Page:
Sussie Ann discusses her debut novel, ‘To Fill a Yellow House’

Sussie Anie chose the color yellow for a reason
Sussie Ann discusses her debut novel, 'To Fill a Yellow House'
Photo courtesy of Nat Michele

Set on the outskirts of an ever-changing London landscape, Sussie Anie’s debut novel, To Fill a Yellow House, is the poignant story of an unlikely friendship between a young first-generation immigrant and a middle-aged shop owner still grieving the death of his wife. The unlikely connection between the two begins with a chance encounter that sparks a relationship that eases, even if just a little bit, the sense of alienation they both feel in their day-to-day lives.

What inspired you to create this storyline?


I wrote this novel after a year out of work. I felt energized and refreshed and inspired. I also moved out of London and moved to a really small city called Norwich. It was completely different from London. When I moved back to London, I wanted to write about everything in London. I wanted to write about the city, the transport system, the internet, and how so many different lives of people from different backgrounds can become entangled and can cross over because of the way that cities work. I wrote this novel so quickly, just because I was refreshed and inspired after that year out. I think it was the timing that generated the inspiration for this story.

What is special about it being a yellow house?


There are quite a few references to the color yellow in the book. Just with door colors, and with the house having yellow features in it. But the title, yellow has connotations that kind of mix. Yellow can be seen as a sign of weakness, but it’s also very bright and optimistic and it feels quite summery. Part of the book begins in the summer during the main character’s childhood. It begins with him moving into this new house in a new part of London, and a lot of the story is about him trying to establish a sense of home and belonging, and part of it is literally about the house and the people who come into it, go, and move out of it, and how that affects him. It’s also about the mood that he’s in as a child when he arrives, and how that changes throughout the novel.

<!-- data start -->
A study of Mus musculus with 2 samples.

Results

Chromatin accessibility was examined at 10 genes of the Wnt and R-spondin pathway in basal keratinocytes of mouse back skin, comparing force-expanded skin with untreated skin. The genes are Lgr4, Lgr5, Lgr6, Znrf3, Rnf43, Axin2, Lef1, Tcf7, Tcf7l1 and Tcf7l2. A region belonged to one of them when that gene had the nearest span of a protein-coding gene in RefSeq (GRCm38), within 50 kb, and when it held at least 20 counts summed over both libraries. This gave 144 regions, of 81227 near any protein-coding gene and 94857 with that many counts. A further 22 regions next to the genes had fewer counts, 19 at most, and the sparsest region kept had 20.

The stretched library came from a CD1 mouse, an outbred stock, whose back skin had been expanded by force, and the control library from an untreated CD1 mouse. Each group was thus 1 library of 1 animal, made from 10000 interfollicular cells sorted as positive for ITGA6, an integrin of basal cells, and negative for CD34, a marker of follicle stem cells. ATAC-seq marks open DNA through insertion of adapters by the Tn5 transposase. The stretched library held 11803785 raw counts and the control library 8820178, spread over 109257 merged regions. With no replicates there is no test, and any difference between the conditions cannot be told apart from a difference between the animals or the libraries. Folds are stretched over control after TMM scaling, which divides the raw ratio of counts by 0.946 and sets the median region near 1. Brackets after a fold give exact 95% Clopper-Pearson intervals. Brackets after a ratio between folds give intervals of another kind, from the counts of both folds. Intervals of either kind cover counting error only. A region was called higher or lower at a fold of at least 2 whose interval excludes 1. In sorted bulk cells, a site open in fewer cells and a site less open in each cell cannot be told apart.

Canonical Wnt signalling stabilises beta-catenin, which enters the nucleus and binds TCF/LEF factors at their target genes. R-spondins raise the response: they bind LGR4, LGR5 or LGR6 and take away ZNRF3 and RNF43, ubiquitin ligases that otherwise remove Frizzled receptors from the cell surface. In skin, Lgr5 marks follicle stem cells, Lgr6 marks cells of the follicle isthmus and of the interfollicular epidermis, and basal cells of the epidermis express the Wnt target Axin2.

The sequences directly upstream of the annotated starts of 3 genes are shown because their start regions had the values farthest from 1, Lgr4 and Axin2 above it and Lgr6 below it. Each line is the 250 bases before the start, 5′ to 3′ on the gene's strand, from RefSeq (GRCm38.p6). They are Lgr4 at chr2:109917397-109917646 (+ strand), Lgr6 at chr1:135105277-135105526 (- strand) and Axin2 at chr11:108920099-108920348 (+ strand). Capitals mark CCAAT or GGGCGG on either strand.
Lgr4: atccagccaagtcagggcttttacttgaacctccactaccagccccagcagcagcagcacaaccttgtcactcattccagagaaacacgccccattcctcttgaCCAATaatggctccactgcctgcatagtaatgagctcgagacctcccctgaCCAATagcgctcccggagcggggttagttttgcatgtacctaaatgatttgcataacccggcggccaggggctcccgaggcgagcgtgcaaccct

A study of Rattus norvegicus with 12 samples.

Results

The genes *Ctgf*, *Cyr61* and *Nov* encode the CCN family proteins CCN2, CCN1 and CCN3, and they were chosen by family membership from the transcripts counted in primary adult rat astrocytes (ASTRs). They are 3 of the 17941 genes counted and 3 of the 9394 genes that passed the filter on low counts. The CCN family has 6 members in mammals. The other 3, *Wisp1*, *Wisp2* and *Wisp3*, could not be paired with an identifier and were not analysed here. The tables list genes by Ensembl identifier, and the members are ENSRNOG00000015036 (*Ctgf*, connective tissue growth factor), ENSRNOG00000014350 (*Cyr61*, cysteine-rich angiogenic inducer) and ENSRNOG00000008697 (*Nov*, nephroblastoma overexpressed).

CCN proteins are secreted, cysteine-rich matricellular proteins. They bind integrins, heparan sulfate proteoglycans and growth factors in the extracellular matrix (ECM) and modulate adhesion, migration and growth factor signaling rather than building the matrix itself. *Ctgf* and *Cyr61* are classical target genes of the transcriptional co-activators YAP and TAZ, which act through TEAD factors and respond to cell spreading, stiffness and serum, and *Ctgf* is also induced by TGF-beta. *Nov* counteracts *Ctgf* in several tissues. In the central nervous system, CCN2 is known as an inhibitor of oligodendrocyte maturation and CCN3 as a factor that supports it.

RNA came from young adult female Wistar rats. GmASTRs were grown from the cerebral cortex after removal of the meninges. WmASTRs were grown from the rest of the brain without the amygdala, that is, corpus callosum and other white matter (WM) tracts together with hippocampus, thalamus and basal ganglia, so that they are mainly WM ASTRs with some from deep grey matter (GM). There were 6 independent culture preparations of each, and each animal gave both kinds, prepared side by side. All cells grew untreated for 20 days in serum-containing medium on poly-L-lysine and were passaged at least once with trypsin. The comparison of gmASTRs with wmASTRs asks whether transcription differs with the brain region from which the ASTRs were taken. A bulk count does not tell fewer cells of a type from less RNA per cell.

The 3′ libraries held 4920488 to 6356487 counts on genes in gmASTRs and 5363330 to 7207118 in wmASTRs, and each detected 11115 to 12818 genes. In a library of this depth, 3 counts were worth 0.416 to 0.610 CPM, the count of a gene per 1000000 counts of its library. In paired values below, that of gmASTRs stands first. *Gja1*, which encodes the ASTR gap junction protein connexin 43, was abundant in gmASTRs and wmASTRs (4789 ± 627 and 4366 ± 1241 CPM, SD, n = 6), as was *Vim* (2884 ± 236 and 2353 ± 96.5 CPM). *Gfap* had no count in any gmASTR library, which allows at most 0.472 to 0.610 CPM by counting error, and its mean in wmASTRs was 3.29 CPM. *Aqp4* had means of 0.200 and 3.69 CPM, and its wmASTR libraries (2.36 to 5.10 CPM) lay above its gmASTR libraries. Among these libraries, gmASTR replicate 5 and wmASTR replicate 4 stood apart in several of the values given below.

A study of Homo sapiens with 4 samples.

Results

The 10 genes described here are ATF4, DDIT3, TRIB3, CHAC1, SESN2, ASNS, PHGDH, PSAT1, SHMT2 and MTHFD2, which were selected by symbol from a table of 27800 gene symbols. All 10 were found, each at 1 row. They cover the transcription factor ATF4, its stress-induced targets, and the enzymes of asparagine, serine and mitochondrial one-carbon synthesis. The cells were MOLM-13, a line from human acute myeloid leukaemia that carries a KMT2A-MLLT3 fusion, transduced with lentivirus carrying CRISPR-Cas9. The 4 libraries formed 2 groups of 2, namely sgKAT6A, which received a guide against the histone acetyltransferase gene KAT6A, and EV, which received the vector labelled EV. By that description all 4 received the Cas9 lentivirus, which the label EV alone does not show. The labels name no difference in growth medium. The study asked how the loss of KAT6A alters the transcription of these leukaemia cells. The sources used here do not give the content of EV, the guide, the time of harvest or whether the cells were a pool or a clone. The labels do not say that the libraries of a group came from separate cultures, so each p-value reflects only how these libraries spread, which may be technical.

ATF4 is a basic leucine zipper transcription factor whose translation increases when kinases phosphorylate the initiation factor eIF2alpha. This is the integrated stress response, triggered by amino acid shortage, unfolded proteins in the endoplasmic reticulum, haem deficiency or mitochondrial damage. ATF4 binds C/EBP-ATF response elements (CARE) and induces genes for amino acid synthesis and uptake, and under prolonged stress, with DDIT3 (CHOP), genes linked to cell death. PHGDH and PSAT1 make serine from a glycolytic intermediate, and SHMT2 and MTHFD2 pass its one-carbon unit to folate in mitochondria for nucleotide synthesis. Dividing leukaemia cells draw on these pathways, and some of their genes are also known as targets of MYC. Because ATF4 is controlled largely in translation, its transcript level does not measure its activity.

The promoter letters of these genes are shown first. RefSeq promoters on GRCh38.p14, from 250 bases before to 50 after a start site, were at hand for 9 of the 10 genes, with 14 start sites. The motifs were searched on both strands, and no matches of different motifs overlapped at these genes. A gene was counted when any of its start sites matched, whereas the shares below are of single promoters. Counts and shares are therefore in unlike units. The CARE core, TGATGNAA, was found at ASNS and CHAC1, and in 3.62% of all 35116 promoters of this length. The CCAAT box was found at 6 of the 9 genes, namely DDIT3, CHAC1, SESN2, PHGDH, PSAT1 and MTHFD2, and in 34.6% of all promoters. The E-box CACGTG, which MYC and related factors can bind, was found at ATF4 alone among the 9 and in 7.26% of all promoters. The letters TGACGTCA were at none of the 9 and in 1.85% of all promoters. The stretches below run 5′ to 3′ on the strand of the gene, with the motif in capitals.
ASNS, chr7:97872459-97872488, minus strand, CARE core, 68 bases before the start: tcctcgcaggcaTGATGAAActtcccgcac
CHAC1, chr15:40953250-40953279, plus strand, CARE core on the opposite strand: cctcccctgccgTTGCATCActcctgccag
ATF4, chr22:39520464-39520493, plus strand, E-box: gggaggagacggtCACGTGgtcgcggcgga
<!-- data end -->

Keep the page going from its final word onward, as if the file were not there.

What do you want this book to do for readers?

I hope that readers, will feel a sense of expansiveness while they’re exploring, even in the early chapters when the main character was young, and that perspective of being a child and being in awe of the most mundane and simple things in the neighborhood. The book has some harder themes and sad moments as well, but I hope that the complexity will speak to readers because I hope that the characters feel real and honest. That was important to me when I was writing.